Congratulations to Dr. Mary Napier, Research Assistant Professor of Biochemistry and Biophysics, who is a recipient of a 2012 C. Knox Massey Distinguished Service Award.
Dokholyan lab researchers publish a paper in the April 16, 2012 issue of Nature Methods demonstrating the structure and function of RNA molecules and paving the way to develop targets for new therapeutics.
Do you need peptides synthesized? Peptide antigens for antibody production? Or even specialized peptide libraries? -- The UNC High Throughput Peptide Synthesis and Array Facility can help!
Congratulations to Dr. Parise who will become an Associate Editor of Blood, a peer-reviewed journal published by the American Society of Hematology, effective January 2013 for a four-year term.
Congratulations to Dr. Rinku Majumder, Research Associate Professor of Biochemistry and Biophysics, who receives a UNC Junior Faculty Research Award.
The V Foundation for Cancer Research announced this week that Greg Wang, PhD, has been awarded the Martin D. Abeloff, MD, V Scholar Award. This award goes to the research project that receives the highest rating from the V Foundation’s Scientific Advisory Board. Wang is the 10th V Scholar from UNC Lineberger.
Dokholyan lab has a cover story in the December 7, 2011 issue of Structure. Dagliyan et al. present a rapid molecular dynamics-based approach to reveal the mechanism of protein-peptide recognition. The authors find that the peptide, rather than the protein, undergoes an induced fit, and that electrostatic interactions guide the peptide toward the binding region.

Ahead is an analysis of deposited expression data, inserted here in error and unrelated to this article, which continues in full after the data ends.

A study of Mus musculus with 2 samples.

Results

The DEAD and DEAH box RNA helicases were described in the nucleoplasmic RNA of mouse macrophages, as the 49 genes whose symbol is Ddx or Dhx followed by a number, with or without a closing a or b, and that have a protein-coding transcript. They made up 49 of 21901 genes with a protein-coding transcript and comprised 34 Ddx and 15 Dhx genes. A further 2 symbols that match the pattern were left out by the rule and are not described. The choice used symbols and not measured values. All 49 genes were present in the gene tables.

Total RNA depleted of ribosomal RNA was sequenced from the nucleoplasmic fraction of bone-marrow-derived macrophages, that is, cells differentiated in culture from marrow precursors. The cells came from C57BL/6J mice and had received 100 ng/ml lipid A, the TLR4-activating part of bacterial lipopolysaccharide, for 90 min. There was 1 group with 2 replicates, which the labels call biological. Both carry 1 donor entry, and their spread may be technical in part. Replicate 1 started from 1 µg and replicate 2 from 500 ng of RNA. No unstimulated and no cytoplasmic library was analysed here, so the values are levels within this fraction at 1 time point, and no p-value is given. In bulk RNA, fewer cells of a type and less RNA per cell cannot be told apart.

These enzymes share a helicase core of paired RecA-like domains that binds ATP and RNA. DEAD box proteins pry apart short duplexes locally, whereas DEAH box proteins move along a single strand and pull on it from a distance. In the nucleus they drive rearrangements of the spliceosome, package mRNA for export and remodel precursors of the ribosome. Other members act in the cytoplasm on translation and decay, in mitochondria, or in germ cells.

Congratulations to Dr. Julia Brittain, Research Assistant Professor of Biochemistry & Biophysics, who was recently selected to the Editorial Board for the publication World Journal of Hematology.
Congratulations to Dr. Yue Xiong, Distinguished Professor of Biochemistry & Biophysics, who was elected as a 2012 AAAS fellow.
Congratulations to Dr. Henrik Dohlman, Professor & Vice-Chair of Biochemistry & Biophysics, who was elected as a 2011 AAAS fellow.
Exposure to UV radiation triggers DNA lesions that can lead to skin cancer, the most common type of cancer in the United States. Previous studies in mice have shown that levels of a protein called XPA, involved in repairing UV-induced DNA lesions, waxes and wanes with the time of day. Shobhan Gaddameedhi et al. found that the protein's level and activity in mouse skin cells are at their lowest at 4 AM and their highest at 4PM.
The University of North Carolina at Chapel Hill, Washington University School of Medicine in St. Louis, and Boise State University have been named partners in one of five US centers that will use genetic data to search for proteins that are abnormally made by cancer cells. The partnerships form the new Clinical Proteomic Tumor Analysis Consortium (CPTAC) supported by the National Cancer Institute (NCI).